Eight months into the 2018 election cycle and with 16 months to go, the fundamentals of the Senate map haven’t changed.
One state has been added to the map: Alabama.
When Republican Sen. Jeff Sessions joined President Donald Trump’s Cabinet as attorney general, then-Gov. Robert Bentley appointed Luther Strange to replace him. But Kay Ivey, the new governor, set a special election to fill the remainder of Sessions’ term for this year rather than waiting for the next regularly scheduled election in 2018. Strange must now navigate a competitive GOP primary next month.
Democrats are still on the defensive this cycle. They’ve got 25 senators up for re-election, including 10 in states President Donald Trump won in 2016. Five of those states voted for both Trump and Mitt Romney in the last two presidential elections. By comparison, there are just eight Republican senators up for re-election, with only one (Dean Heller in Nevada) running in a state Hillary Clinton won in November.
Three Trump-state Democrats — Heidi Heitkamp of North Dakota, Joe Manchin III of West Virginia, and Joe Donnelly of Indiana — voted to confirm Neil Gorsuch to the Supreme Court. But otherwise, there isn’t a lot of evidence that the most vulnerable Democratic senators are worried about opposing the president.
Those Trump-state Democrats were supposed to translate into a large batch of takeover opportunities next year. But Republicans can’t get too cocky about the map.
Since 1982, a total of 110 out of 114 senators from the opposite party of the president have won re-election in midterms, according to Harry Enten at FiveThirtyEight. Of course that rate of 96 percent is partially dependent on the map of each cycle, but that’s not a small sample size and Democrats have some savvy incumbents up this cycle.
So while Republicans should expand their majority significantly, according to the presidential map, midterm election realities and the strength of the Democratic incumbents could make that task more difficult.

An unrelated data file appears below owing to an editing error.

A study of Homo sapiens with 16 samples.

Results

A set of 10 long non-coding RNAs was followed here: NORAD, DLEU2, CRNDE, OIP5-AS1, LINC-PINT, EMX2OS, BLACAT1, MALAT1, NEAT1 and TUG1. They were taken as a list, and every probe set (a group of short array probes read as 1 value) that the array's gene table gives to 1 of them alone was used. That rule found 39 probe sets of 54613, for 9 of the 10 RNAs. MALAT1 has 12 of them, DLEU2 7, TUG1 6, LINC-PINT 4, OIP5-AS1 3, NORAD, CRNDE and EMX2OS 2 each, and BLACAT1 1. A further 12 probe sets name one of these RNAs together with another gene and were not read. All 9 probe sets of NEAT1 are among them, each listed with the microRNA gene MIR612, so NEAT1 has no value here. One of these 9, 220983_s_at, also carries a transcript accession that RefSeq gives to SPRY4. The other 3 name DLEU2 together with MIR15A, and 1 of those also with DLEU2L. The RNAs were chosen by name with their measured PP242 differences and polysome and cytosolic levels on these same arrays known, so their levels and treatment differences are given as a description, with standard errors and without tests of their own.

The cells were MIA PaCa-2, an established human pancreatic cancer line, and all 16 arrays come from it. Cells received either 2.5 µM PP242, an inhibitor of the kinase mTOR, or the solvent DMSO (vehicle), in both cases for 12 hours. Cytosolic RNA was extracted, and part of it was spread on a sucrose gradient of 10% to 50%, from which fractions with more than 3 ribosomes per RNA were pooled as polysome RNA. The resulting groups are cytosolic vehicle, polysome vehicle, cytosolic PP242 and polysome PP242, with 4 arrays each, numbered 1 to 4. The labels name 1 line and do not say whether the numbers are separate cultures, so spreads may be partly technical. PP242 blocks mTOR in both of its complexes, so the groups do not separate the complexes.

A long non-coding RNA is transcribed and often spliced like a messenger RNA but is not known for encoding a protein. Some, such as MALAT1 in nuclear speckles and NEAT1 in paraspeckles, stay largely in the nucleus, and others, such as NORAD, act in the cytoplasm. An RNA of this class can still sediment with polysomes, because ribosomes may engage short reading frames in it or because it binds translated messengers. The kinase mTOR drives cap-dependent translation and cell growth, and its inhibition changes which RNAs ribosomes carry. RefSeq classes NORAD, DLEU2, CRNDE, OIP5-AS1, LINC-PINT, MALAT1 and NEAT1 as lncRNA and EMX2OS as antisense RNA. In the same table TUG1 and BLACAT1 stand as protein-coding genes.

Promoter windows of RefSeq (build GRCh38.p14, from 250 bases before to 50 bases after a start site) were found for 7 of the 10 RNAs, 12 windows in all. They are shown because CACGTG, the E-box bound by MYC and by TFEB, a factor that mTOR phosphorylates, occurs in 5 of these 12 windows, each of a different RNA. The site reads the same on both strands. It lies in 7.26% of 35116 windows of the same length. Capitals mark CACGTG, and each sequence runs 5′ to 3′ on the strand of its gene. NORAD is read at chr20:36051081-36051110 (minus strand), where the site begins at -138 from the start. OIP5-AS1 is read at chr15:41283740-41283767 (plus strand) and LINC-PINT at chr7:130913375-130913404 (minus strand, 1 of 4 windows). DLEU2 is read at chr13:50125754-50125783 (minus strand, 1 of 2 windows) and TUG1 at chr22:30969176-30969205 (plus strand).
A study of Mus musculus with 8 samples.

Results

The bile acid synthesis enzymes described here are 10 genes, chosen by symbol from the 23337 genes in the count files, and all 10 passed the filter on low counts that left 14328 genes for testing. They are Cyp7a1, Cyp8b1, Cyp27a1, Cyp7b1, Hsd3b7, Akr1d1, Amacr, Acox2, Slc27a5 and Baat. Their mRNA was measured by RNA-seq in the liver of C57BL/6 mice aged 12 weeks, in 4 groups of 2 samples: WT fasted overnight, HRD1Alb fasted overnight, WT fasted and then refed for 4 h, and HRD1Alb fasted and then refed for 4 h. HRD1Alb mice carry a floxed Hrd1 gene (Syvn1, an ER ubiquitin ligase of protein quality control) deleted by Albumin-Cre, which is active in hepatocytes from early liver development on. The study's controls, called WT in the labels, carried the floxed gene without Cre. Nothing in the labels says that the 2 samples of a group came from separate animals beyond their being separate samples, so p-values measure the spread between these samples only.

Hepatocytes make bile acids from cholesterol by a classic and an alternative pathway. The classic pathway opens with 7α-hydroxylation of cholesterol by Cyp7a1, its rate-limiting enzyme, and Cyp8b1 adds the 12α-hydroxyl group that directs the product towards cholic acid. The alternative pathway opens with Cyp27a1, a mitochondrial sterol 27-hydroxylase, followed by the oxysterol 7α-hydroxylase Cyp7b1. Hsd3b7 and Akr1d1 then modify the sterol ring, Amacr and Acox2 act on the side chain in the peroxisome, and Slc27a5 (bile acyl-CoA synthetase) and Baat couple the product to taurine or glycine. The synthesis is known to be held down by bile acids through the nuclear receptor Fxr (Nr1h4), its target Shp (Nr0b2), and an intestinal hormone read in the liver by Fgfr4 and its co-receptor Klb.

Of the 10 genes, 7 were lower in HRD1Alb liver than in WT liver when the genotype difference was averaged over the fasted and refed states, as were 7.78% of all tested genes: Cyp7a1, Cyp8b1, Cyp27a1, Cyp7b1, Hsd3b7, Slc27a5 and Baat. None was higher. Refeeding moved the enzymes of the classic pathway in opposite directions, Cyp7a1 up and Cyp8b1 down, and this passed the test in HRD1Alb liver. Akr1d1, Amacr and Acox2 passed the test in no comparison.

History isn’t as kind to senators from the same party as the president who are up for re-election in midterms. Their re-election rate is 80 percent (103 out of 128) since 1982. That’s bad news for the GOP’s Heller and Jeff Flake of Arizona.
Re-electing Heller and Flake should be a priority for Republicans because it will help the party gain seats. But Trump and his allies are more concerned with passing his legislative agenda now, and have threatened to run attack ads against certain Republican senators whom they view as obstacles.
While they might disagree on the tactics, GOP strategists agree that Republicans need to deliver on more legislative promises to avoid voter apathy next year. If Trump supporters blame congressional Republicans for blocking the president’s agenda, and don’t turn out to vote, it could cause a GOP catastrophe.
Even though a Democratic majority is unlikely (despite them only needing to gain three seats), it also shouldn’t be dismissed. Republicans faced a difficult map and a historically unpopular presidential nominee in 2016, yet the party limited its losses and held the majority.